Tuesday, 28 July 2015

Some Girls

A visual chronicle of Lucian Freud's relationship with Caroline Blackwood (on display at Ordovas) causes Michael Ajerman to recall the ever-true words – it sucks when it's over.

Girl In Bed (1952)

It has been a little more than four years to the day since the passing of Lucian Freud. Articles continue to gossip (how many kids?!) and curators squint and crunch. Refreshingly, Ordovas provides an antidote and presents the highly focused show, Girl. Visually chronicling the relationship between Freud and his second wife, Caroline BlackwoodAs viewers we plunge into their lives and world within the four paintings on display.

To blast through the biographical flutter, Freuds relationship to Kitty Epstein (daughter of the sculptor Jacob Epstein) began to unravel in 1949. He met Caroline Blackwood at a posh masquerade ball hosted by Ian Flemings soon to be wife Lady Rothermere that same year. An interaction began that evening, and flourished. In 1952, Caroline; 21, British, aristocratic, blonde, proper and wide-eyed marries Lucian; 29, European of Viennese cultural heritage celebrity, talented, dark, and foreign accented.

Even in his twenties, the duration of how long a portrait would take Freud was legendary. Eight paintings were made of Caroline in total between 1950 and 1956. She passed these hours as her husbands sitter, sometimes reading, sometimes not, as he looked closer and closer.

My first thought within the exhibition is of absence. Where is Hotel Bedroom? A notorious painting from 1954 showing Caroline in bed, hair a mess, balmy, sweaty, with Lucian by the window standing in shadow and gazing. Its an intense painting filled with tragedy, and at first it seems a further tragedy that it is not here.

Girl Reading (1952)

Standing in the gallery it began to dawn on me that the absence of this emotional juggernaut was a blessing. Letting works like Girl in Bed and Girl by the Sea that are softer in presence go from their mild acoustic nature to bloom symphonically for the viewer.

Girl in Bed, painted in Paris in 1952, shows more heart then any other Freud portrait of a woman in his career, ever. While Girl Reading, from the same year, attempts form and weight through paint, its strength is a dominant sense of drawing. The use of line seems to slice, render and caress. The pigment accent and touch seems to be more like a delicate pastel – it is truly a being of light, though contrarily it is made of line and tone, not pure color.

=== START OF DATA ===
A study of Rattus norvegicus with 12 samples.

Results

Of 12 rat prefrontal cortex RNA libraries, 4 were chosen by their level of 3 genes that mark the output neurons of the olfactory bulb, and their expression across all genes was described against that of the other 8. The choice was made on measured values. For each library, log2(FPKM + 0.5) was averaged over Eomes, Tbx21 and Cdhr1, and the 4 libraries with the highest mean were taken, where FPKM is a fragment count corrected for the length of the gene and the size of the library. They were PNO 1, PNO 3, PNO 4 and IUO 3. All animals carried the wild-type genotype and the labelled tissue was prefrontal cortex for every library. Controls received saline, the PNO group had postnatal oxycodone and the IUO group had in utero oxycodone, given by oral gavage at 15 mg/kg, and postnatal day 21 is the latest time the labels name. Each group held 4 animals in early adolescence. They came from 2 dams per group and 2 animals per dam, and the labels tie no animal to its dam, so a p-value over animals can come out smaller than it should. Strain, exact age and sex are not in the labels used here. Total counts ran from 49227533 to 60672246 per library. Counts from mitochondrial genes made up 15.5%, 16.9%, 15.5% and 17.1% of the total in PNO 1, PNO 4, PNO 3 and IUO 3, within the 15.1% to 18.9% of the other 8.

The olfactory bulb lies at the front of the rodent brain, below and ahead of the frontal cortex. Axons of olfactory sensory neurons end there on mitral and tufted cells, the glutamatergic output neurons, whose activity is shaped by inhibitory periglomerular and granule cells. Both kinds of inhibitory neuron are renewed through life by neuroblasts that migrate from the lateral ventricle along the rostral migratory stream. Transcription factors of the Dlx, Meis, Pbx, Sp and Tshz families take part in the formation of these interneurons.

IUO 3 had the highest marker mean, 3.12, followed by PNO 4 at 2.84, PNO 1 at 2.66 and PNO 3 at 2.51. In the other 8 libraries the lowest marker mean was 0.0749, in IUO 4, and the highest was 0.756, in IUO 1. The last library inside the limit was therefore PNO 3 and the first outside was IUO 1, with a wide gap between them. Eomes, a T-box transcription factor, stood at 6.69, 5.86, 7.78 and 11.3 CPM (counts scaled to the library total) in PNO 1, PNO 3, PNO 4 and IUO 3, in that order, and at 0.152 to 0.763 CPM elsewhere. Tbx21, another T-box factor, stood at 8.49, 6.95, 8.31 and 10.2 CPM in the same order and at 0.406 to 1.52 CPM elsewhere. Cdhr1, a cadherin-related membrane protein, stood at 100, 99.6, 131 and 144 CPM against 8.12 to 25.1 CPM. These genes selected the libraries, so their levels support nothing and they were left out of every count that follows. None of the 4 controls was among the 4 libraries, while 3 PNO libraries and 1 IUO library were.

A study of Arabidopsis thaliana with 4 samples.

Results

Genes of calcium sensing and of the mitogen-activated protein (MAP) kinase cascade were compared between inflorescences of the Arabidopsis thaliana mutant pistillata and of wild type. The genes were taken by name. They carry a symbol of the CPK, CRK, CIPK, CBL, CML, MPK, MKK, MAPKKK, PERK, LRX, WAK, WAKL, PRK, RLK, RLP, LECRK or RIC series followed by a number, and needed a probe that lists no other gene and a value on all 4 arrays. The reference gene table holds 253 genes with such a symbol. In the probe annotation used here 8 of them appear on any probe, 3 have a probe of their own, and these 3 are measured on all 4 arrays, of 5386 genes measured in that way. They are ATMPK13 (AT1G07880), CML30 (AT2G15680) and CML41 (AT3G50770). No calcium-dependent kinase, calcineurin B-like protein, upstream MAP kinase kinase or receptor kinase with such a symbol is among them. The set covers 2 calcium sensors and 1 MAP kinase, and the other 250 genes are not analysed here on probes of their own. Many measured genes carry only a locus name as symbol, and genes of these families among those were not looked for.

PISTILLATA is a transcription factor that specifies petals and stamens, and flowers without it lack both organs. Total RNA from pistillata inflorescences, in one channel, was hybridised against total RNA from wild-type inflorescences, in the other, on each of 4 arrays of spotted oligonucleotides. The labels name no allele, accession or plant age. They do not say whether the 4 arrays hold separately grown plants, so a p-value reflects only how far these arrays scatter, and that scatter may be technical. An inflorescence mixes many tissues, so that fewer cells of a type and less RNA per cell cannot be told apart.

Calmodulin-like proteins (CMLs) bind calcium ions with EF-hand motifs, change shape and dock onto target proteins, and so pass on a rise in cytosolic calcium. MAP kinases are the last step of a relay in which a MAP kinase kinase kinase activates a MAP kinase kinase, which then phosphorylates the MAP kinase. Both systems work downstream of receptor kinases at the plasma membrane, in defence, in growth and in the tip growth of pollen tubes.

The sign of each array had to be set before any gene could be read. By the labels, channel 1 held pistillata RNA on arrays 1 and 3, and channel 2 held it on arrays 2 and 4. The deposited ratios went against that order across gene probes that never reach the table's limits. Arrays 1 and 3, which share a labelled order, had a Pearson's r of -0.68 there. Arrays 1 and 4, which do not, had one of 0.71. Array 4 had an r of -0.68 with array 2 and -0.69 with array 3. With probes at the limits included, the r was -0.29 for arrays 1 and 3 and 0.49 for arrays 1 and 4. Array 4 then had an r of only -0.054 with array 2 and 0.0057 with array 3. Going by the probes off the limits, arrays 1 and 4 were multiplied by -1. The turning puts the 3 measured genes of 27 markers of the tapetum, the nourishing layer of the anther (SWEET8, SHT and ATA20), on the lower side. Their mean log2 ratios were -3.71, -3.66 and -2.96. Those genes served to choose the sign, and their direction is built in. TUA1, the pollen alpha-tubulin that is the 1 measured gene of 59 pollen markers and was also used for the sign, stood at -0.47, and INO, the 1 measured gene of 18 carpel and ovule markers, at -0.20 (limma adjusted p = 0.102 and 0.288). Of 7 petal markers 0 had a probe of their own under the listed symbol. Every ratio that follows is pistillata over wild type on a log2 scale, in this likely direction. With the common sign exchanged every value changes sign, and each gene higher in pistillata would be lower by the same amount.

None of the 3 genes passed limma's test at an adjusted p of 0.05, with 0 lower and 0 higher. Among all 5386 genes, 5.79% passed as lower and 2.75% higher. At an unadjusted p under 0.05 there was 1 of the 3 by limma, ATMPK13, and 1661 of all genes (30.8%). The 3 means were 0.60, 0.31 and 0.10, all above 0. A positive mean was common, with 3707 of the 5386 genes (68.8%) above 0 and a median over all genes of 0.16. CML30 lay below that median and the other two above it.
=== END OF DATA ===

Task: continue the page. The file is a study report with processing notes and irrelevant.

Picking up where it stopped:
You can count the hairs of Carolines manicured eye brows along with her venus fly trap-like eye lashes. Detailed focal points bloom outwards. Girl in Bed records the vibrant sun blasting through the Parisian windows in the morning (her hair looks matted from sleep) as Lucian visually travels with clear vision, hunger and love. Across the landscape of her head, the pools of her irises, flashes of flesh, surfing on the curves of her uneven fingernails. All silhouetted by a white duvet. As viewers we are given access to this privacy.

That all mutates in Girl by the Sea. Painted in 1956 while vacationing in Malaga, husband and wife trying to sort themselves out, with ocean waves providing little respiration. Elegant skin shows wear and tear as Carolines nose, shoulders and back are sunburnt. Making a holiday in the sun, rendered in mint-ice-cream green and sweet-shop pink, seem queasy.

Tension has always been a invigorating factor in Freuds work, but here it seems unbearable, leading to a rare uneven focus and an ill handling of a form. Her face has the puffiness of quarrels, rows and tears. Hair kinetic in the wind, the tassels twisting and turning, animated like octopus tentacles. The soft focus of the sea, the manically detailed strands of hair and the oddly rendered flesh all seem to contradict each other. Everything is connecting in this piece with the visual grace of an automobile hitting a brick wall.

Girl By The Sea (1956)

Posed in profile, she looks down, possibly reading again. Her presence, which seems so complete in other works, here is only partial. A marriage in unrepairable pieces, Caroline leaves Malaga without Lucian. Is Girl by the Sea a finished work? It doesnt matter. Some works have more a sense of stopping than a notion of completion.

Paintings of ones love stand still in their own time. Emotions in the future may teeter totter, bloom or die, but the work stays in its position. Always of its moment. Its the people that change. The relationship, like a pulsating thing, looks back on the art, just as we do here. The caresses of Carolines mane in Girl by the Sea, with their focused touch and rendering prove all of this.

In respect to Freud, a lover of song and lyric, I end with these lines:

It sucks when its over
And you cant get it back
Why do we all want to
Like a pack of necrophiliacs - Vic Chesnutt, Over

Hotel Bedroom (1954)

Michael Ajerman

Girl is on display at Ordovas (London, W1) from June 5th to August 1st 2015.